Seeing my city with new eyes

One of the things about being away for any considerable length of time is the way that you view your own home once you return.  I came home to a house that was cleaner than I left it (ah, the joy of adult children!) and a recently-planted garden that is not only still alive but growing like topsy! But today was the first time that I’ve been into Melbourne itself, and I felt as if I were seeing it after a long absence.

It’s a beautiful clear, sunny but cold winter day today, and the city absolutely sparkled.  I don’t know if I just fluked it, but the trains both to and from the city were clean, warm and with little graffiti.  I had been opposed to the proposal to remove seats from the trains to provide more standing room, but having now used public transport in Toronto, Boston, New York and London, the carriages did seem particularly cluttered with seats.  There was little rubbish on the stations- in fact, our streets generally seem clean in comparison with streets in the cities above.   The underground stations in particular seemed light and modern. The trains were on time, the trams were predictable only in their unpredictability.

It’s the infrequency of our public transport that’s the sticking point.  Other cities do not have the same emphasis on time- in fact, you were often hardpressed to find a clock- because trains arrived so often that it didn’t really matter if you missed this one, because the next would soon arrive.  Not so for us here in Melbourne- 20 minutes is too long between day time services.  It seems that every tram and bus stop has a disconsolate little clutch of would-be passengers, stepping out onto the street, craning to see if something -anything- is coming.

And Melbourne itself: look- the Darebin and Merri creeks are running high! That sparse and artificial planting on the banks of the Merri, beside the over-engineered bike path, is looking a little better.  People have moved into the high-rise opposite Heidelberg station (although I’m still cross that it dominates the hill as much as it does).

I read in this morning’s paper that they’re thinking of moving the statue of  Bunjil the eagle in order to, no doubt, build yet another high-rise in Docklands. Other than Colonial/Telstra/Etihad stadium (which I always make a point of calling ‘Docklands Stadium’ on principle) I’ve only been down to Docklands once, and it seemed a particularly godforsaken place.

I noticed, too, that the building on the old CUB site is finally going up as well. This is the one that is planned to have an image of William Barak on it.

Artists impression of the finished building

I really don’t know quite what to think of these modern representations of aboriginal presence.  Appropriation? Acknowledgment? Tacky? Reverential? Is the CUB building a fitting juxtaposition to the Shrine of Remembrance at the other end of Swanston St/St. Kilda Rd?  Or an ironic one?

Most of all today, I noticed our beautiful, big bowl of sky.  Yes, I know that it’s the same sky,but somehow it seems bigger here. I think that I must be glad to be home.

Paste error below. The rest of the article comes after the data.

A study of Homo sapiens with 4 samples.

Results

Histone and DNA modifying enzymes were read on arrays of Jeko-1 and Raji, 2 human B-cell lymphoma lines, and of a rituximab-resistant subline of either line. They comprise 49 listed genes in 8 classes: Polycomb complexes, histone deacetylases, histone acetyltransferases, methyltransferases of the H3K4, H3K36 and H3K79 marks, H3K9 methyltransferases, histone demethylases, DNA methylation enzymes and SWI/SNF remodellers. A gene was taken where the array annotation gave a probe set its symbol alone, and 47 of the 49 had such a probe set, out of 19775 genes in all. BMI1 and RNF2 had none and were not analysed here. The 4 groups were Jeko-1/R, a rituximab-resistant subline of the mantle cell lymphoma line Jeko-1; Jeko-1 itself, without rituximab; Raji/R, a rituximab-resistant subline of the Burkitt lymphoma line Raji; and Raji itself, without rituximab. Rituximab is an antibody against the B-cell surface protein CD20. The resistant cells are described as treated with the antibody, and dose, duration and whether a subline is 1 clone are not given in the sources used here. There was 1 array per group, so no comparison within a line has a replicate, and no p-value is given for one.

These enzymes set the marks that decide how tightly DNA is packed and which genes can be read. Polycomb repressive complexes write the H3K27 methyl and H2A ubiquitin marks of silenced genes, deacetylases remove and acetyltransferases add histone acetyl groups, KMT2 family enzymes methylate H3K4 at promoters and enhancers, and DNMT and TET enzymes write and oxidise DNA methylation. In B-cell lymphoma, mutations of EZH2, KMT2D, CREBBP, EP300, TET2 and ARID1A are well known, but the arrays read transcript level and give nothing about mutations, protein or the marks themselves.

1. One of the disadvantages of travel is that you miss out on the day to day trivia at home, and one such piece of trivia is that the CUB building facade has been dropped. I can’t immediately find anything online about it, but I am sure I saw it somewhere.

  2. residentjudge

    Really!?! I was looking at it today and thinking that they must be going to superimpose it onto it later because I couldn’t detect it at this stage (it seems to be about 1/2 way up maybe). How interesting. I wonder why

  3. I agree with you about calling it the Docklands Stadium and the lack of frequency of public transport!

  4. One of the great joys of coming home is seeing the very wide, beautifully tree lined boulevards (like St Kilda Rd and Royal Parade) with pollution-free trams running down the centre. It makes me feel that God is in her heaven and all is well with the (our) world.

    We also call Docklands Docklands, and Geelong Stadium is not to be renamed after some wanky insurance company or nasty bank.

    • I still call Geelong ‘Cardinia Park’- I hope that they haven’t changed the name of the park as well! At least Geelong has the REAL name of their ground in their song- unless they’ve changed that too??

  5. I think you totally fluked it with the trains, but am glad that you had a lovely trip into the city. Welcome home.

  6. Love this post …. so much to comment on but the main one that grabbed me was your last line. How I love our big blue Aussie skies!

  7. It is the bowl of the sky, the light on the water, and the ‘what the hell’ in the people, that you miss. I’m in NY, just been to Chicago and Cleveland, and yes I still miss those things from home. Be home by April…………

  8. So that is what that statue is! I think it the ugliest thing, partly because it is entirely inappropriately sited, and that whole Docklands site should be renamed West Melbourne Swamp, like it used to be.